May 17–20, 2022 | Madison, Wis.

ESCRT biology

ESCRT biology
May 17–20, 2022 | University of Wisconsin–Madison

This meeting will provide a unique, open, inclusive and interactive forum for the international and domestic research community working on ESCRT biology and be an effective learning environment for all participants, especially graduate students, postdocs and other researchers from diverse backgrounds.

The endosomal sorting complex required for transport (ESCRT) machinery comprises a series of different factors (about 30 proteins in humans; about 45 in plants) that facilitate membrane remodeling and fission reactions throughout the cell.

Over the past decade, there has been an explosion in the number of processes now known to be ESCRT-mediated, including endosomal protein trafficking, cytokinetic abscission, closure of the post-mitotic nuclear envelope, enveloped virus budding, exosome biogenesis, neuronal pruning and membrane repair. Furthermore, ESCRT-like systems have recently been discovered in archaea and bacteria, making this one of the most highly conserved machines in nature. 

This meeting will bring together experts in disciplines as diverse as biophysics, plant biology, cell biology, biochemistry and structural biology from around the world to cover key aspects of ESCRT biology.

Graduate students, postdocs and other researchers established in or wishing to learn about ESCRT biology are encouraged to attend and submit abstracts. The organizers will select oral presenters and there will be a poster session.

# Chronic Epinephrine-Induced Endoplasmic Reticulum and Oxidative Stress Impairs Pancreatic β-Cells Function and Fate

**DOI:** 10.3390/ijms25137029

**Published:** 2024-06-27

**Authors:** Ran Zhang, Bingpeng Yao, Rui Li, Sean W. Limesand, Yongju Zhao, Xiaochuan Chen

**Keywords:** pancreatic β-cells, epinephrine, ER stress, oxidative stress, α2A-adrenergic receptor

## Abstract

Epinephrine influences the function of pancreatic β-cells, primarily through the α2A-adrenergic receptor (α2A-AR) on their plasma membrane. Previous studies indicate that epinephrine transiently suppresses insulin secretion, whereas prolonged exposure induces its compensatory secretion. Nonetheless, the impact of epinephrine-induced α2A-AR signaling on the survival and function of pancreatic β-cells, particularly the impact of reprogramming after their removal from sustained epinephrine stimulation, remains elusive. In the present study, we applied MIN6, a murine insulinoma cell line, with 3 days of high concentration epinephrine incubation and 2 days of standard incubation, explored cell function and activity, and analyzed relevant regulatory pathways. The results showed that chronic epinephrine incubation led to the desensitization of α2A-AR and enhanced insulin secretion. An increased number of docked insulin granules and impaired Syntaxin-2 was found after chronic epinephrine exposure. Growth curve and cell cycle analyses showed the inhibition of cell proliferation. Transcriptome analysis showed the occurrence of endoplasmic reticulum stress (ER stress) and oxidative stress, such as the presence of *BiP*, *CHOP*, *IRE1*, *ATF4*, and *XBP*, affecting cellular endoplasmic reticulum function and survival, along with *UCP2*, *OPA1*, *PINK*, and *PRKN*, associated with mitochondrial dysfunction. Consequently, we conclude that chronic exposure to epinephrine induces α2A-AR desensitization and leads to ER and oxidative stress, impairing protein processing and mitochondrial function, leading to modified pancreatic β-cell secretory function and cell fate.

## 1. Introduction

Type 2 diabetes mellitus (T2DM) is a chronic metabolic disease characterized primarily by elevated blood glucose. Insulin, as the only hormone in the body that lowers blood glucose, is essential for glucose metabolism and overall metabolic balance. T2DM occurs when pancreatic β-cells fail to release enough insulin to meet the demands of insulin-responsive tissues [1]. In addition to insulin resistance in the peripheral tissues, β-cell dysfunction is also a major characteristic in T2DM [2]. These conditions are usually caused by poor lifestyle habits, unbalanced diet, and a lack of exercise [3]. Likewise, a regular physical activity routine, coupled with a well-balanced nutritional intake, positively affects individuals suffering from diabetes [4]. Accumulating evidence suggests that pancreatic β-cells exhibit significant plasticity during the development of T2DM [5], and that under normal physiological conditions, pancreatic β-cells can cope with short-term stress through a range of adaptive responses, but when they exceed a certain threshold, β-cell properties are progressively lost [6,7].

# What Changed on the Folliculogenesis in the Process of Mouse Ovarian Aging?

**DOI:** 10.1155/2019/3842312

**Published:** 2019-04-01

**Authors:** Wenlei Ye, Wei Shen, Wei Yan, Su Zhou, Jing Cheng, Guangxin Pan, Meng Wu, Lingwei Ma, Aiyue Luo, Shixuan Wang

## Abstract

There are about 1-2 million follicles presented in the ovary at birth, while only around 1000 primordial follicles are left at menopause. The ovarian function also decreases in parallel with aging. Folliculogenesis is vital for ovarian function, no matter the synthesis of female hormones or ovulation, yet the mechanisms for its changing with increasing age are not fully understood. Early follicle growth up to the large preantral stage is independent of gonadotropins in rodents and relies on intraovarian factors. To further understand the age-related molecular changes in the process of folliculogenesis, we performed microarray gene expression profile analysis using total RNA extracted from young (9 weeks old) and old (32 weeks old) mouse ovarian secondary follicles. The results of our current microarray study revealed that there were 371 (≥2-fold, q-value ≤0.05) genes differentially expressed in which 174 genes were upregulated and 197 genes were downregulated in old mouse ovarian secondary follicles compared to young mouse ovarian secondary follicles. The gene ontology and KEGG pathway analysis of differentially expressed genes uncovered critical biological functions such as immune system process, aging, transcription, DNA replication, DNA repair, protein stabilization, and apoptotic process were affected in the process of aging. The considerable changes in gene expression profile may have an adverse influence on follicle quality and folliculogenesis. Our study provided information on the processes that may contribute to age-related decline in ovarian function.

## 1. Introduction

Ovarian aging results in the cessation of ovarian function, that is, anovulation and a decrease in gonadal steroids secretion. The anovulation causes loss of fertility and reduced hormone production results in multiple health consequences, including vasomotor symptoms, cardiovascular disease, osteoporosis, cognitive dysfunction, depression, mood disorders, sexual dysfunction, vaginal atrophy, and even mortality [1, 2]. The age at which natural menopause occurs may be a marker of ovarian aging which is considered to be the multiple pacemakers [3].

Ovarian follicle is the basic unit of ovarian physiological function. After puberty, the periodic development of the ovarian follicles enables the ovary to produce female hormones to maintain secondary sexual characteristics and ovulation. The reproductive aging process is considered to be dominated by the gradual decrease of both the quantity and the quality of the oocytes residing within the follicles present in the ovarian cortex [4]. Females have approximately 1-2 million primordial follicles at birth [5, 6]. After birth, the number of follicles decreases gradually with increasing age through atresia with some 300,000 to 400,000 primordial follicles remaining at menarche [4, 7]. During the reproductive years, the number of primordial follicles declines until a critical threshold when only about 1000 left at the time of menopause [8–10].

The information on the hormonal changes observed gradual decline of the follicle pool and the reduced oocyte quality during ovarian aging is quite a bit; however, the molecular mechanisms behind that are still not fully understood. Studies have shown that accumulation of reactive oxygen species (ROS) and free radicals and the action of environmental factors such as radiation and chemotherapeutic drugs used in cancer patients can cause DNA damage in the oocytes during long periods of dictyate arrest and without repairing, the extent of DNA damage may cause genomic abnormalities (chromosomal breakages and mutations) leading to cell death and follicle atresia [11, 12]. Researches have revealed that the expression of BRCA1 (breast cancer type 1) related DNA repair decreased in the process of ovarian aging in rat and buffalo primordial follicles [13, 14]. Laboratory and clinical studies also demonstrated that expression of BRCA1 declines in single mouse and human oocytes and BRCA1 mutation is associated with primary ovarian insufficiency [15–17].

Wes Sundquist University of Utah School of Medicine
Anjon Audhya University of Wisconsin–Madison
John McCullough University of Utah School of Medicine
Marisa Otegui University of Wisconsin–Madison


Left: ESCRT (Vps4) mutants block multivesicular body sorting in yeast. Upper: GFP-CPS cargo mis-sorted to the limiting membrane of vacuoles in vps4 mutant cells. Lower: GFP-CPS cargo sorted to the vacuolar lumen of wild type cells. Image credit: Scott Emr.

Middle: Verdant plant life growing from an interwoven VIPP1 ring structure. VIPP1 (vesicle-inducing protein in plastids) is a conserved membrane-remodeling protein that builds the thylakoid membranes of cyanobacteria, algae and plants. VIPP1, along with its bacterial homolog PspA, are recently described members of the ESCRT-III superfamily of membrane remodelers, extending the conservation of ESCRT-III across all major domains of life. Image credit: Ben Engel and Verena Resch (

Right: Representative brain scans in frontotemporal dementia linked to chromosome 3 (FTD-3) patients. Mutations in the ESCRT-III protein CHMP2B are a rare cause of autosomal dominant FTD. Left: MRI structural scan. Right: Cerebral blood flow as measured by PET scanning. Image Credit: Isaacs et al. Curr Alzheimers Res. PMCID: PMC3182073.